One of the features we are looking forward to in upcoming PostgreSQL 11 is the introduction of procedures via the
CREATE PROCEDURE ANSI-SQL construct.
The major benefit that sets apart procedures from functions is that procedures are not wrapped in an outer transaction and can have COMMITs within them.
This means it's not an all or nothing like it is with functions. Even if you stop a procedure in motion, whatever work has been done and committed is saved.
In the case of functions, a stop or failure would roll-back all the work. It also means you can see work in progress of a stored procedure since the work will already have been committed.
This is a huge benefit for batch processing. Batch processing covers a lot of use-cases of PostGIS users since a good chunk of
PostGIS work involves doing some kind of batch processing of data you get from third-parties or machines.
We'll demonstrate with batch geocoding, using a similar approach we discussed in. psql watch for batch processing. Folks often resort to doing this stuff outside of the database like using Python as a driver to push batches to postgres. Now postgres is capable of doing it all.
In addition to the code and data here, you'll need postgis_tiger_geocoder extension and loaded with MA census data.
For geocoding of data or any kind of lengthy processing work, you often do this in batches of say 1, 10, or 50, but never the whole 1,000,000. The reasons for that are
You can't put your batch work in a PostgreSQL function, at least not all of it, because each function has an explicit transaction wrapped around it. This is one of the reasons why trying to do it in a function can take 10 or more times longer than just embedding the logic in a script that pushes the work in smaller commits. Now we've got PostgreSQL procedures where we can put in pretty much the same code as we would have done in our function (except now we can have COMMITS), and can explicitly do the commit after each batch. The great thing about this is if your connection is lost, the server crashes, you loose power, or whatever, the work that has already been committed is not lost. It also means the memory is freed after each commit, and not wait for all the work to be done in the procedure before making available for other processes.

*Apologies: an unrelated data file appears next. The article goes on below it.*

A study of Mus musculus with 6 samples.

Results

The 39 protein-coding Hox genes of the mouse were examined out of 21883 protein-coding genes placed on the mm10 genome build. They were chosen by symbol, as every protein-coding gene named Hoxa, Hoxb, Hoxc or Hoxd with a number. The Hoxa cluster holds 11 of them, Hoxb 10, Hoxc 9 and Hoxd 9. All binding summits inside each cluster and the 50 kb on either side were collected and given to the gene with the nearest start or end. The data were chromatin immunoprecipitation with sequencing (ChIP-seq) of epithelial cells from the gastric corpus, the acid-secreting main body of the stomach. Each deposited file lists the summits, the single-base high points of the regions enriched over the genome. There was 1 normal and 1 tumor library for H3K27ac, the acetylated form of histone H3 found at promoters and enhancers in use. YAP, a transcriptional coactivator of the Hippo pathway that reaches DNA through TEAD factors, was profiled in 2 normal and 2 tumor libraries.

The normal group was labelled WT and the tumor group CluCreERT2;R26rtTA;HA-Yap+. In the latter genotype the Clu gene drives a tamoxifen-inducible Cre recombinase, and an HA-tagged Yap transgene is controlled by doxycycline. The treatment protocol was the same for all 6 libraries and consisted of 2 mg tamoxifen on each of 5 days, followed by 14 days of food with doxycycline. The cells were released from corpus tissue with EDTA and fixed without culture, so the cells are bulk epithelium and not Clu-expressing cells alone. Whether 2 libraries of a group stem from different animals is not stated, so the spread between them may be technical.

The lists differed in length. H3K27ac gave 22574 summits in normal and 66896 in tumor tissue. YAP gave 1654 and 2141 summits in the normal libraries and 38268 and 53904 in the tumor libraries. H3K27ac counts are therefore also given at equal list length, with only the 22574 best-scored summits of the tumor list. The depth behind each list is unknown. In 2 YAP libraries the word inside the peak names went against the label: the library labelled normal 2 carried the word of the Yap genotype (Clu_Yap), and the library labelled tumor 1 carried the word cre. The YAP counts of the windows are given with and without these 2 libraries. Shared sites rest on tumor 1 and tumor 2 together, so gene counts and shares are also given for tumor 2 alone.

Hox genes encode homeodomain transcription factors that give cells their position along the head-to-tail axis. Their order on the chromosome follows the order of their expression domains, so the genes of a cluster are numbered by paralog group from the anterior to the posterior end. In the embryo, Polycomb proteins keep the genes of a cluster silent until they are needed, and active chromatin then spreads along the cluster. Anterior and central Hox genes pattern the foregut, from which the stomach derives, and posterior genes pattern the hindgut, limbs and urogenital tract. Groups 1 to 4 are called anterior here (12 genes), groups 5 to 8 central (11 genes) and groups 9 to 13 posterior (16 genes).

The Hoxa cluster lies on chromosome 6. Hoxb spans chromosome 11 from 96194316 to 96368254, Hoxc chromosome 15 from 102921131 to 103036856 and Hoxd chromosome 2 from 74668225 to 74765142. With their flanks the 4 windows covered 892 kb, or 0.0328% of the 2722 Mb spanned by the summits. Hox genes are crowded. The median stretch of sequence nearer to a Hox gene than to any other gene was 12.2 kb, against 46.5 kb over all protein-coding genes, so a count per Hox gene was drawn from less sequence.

Our test dataset is small so not very interesting. To simulate more records, we repeat each address 1000 times.
DROP TABLE IF EXISTS addr_to_geocode ; CREATE TABLE addr_to_geocode(addid serial PRIMARY KEY, address text, pt geography(point, 4326), new_address text, rating integer); INSERT INTO addr_to_geocode(address) VALUES ('529 Main Street, Boston MA, 02129'), ('77 Massachusetts Avenue, Cambridge, MA 02139'), ('25 Wizard of Oz, Walaford, KS 99912323'), ('26 Capen Street, Medford, MA'), ('124 Mount Auburn St, Cambridge, Massachusetts 02138'), ('950 Main Street, Worcester, MA 01610'); -- repeat address to get more data INSERT INTO addr_to_geocode(address) SELECT address FROM addr_to_geocode, generate_series(1,1000);
To create our procedure, we are also going to take advantage of the FOR UPDATE SKIP LOCKED feature introduced in PostgreSQL 9.5. This will allow us to have multiple postgres connections calling the same procedure, but each being allocated a different set of records to work on so there is no lock contention.
CREATE OR REPLACE PROCEDURE batch_geocode() LANGUAGE 'plpgsql' AS $$ BEGIN WHILE EXISTS (SELECT 1 FROM addr_to_geocode WHERE rating IS NULL) LOOP -- we use FOR UPDATE SKIP LOCKED to prevent multiple concurrent procedure calls -- from grabbing the same set of records WITH a AS ( SELECT addid, address FROM addr_to_geocode WHERE rating IS NULL ORDER BY addid LIMIT 5 FOR UPDATE SKIP LOCKED) UPDATE addr_to_geocode SET (rating, new_address, pt) = (COALESCE(g.rating,-1), COALESCE ((g.addy).address::text, '') || COALESCE(' ' || (g.addy).predirabbrev, '') || COALESCE(' ' || (g.addy).streetname,'') || ' ' || COALESCE(' ' || (g.addy).streettypeabbrev, '') || COALESCE(' ' || (g.addy).location || ', ', '') || COALESCE(' ' || (g.addy).stateabbrev, '') || COALESCE(' ' || (g.addy).zip, '') , ST_SetSRID(g.geomout,4326)::geography ) FROM (SELECT addid, (gc).rating, (gc).addy, (gc).geomout FROM a LEFT JOIN LATERAL geocode(address,1) AS gc ON (true) ) AS g WHERE g.addid = addr_to_geocode.addid; COMMIT; END LOOP; RETURN; END; $$;
To call the procedure, you would use the new
CALL statement like so:
You'll notice that if you then cancel the procedure (e.g. by clicking the stop icon in pgAdmin ), the geocoding that has already been done before canceling the call is not lost, unlike it would be if this were a function.